Removing patient clothing

CJEM Visual Abstract: Removing patient clothing in trauma


In trauma patients, rapid and adequate exposure is necessary for delivering timely and appropriate care.2 This can be achieved in multiple ways but there are currently no gold standards. Sibley et al. aimed to compare two specific techniques of clothing removal versus usual practice in the management of a simulated trauma patient.1 Their participants included advanced care paramedic (ACP) students, as well as practicing primary care paramedics (PCP) and ACPs. Their primary outcome was the total time it took to expose the anterior portion of the simulated patient, log roll and expose the back, and place the patient flat on the stretcher again.

The results and specific clothing removal techniques examined are highlighted in our visual abstract. The ACP students took an average of 32 seconds less to completely expose the simulated patient with the Cut and Rip technique when compared to the Cut alone technique. Of note there were no differences when these techniques were compared to usual practice in practicing paramedics. The authors conclude the cut and rip technique as a faster method of exposing the patient and could save time when assessing a critically ill trauma patient.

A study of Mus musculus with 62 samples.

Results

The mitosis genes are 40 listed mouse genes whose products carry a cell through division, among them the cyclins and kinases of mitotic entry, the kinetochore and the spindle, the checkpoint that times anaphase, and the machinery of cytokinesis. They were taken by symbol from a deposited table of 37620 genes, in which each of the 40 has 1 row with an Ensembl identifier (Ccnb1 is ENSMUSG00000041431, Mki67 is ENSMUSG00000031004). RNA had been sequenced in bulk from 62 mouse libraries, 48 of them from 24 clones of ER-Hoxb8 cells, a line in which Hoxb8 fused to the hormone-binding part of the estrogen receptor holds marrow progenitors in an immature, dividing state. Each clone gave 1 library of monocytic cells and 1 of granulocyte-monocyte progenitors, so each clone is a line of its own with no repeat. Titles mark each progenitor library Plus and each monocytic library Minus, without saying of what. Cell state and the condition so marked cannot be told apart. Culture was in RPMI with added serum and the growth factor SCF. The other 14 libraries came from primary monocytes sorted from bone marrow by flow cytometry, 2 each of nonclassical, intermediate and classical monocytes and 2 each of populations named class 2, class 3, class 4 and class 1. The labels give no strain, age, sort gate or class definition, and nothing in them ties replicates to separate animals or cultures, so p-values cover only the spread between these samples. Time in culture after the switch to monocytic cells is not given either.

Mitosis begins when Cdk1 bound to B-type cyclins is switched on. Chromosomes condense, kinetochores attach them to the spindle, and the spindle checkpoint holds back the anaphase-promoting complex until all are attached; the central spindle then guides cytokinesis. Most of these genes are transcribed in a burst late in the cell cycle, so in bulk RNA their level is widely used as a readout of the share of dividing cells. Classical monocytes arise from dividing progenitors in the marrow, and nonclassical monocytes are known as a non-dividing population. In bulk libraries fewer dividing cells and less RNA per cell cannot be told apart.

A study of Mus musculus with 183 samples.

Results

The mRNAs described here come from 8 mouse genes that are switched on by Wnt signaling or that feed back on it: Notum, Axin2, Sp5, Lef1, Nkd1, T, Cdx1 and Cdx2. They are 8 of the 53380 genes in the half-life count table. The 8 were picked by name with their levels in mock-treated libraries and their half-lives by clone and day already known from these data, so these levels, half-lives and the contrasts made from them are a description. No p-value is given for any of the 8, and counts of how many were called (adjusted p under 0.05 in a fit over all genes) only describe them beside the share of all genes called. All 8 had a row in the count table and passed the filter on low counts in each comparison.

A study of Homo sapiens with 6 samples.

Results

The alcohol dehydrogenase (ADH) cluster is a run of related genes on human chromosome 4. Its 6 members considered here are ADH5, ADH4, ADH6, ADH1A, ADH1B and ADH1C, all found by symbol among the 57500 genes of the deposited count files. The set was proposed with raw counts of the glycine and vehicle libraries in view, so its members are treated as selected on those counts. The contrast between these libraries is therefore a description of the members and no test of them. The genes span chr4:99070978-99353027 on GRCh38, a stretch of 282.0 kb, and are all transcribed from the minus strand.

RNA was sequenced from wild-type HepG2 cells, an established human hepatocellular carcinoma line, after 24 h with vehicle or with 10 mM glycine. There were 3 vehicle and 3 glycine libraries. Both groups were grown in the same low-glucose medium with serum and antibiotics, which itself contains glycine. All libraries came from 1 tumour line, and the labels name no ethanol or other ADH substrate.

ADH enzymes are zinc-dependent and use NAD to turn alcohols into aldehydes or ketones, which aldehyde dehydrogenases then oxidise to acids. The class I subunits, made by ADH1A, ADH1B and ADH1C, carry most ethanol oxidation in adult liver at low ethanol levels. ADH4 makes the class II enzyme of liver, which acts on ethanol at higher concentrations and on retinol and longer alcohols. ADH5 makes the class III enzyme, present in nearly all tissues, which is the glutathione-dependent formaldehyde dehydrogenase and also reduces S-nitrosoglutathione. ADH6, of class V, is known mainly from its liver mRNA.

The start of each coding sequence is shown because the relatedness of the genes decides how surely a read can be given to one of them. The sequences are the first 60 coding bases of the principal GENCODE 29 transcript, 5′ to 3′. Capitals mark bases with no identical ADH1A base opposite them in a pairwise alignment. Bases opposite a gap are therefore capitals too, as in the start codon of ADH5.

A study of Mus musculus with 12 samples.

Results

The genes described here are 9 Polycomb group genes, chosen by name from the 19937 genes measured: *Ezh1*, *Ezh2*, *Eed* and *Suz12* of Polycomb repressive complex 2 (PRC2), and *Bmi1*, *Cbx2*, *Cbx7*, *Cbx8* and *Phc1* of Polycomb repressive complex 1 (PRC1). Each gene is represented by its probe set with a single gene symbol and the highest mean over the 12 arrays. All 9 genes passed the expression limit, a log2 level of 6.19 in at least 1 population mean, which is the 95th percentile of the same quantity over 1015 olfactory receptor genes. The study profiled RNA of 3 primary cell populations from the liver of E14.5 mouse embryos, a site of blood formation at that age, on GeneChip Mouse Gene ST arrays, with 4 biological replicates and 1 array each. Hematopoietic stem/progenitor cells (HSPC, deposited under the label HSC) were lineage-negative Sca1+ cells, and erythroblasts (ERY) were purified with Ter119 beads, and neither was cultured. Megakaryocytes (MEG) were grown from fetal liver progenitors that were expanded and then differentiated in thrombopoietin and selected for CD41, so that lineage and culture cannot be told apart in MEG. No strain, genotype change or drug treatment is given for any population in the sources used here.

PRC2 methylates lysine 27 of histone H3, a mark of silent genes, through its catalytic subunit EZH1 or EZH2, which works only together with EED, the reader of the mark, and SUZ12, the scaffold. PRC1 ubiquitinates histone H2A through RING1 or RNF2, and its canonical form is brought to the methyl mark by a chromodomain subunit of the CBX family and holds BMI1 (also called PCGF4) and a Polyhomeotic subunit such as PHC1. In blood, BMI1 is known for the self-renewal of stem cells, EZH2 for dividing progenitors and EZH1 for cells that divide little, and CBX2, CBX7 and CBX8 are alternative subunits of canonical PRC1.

A PDF version of the visual abstract is available here. This post is the last in the CJEM infographic and visual abstract series. We have enjoyed working with CJEM and look forward to seeing their new social media strategy in action!


Sibley AK, Jain TN, Nicholson B, Atkinson P. Cut and rip and cut alone techniques versus usual practice in the removal of trauma patient clothing. C. 2017;20(04):600-605. doi:10.1017/cem.2017.346
Campbell JE, Alson RL. International Trauma Life Support for Emergency Care Providers,. 8th ed. Pearson; 2015.
Alvin is currently a PGY5 in the FRCP EM program at McMaster University. He serves as Director of Design for CanadiEM and has interests in knowledge translation and health innovation.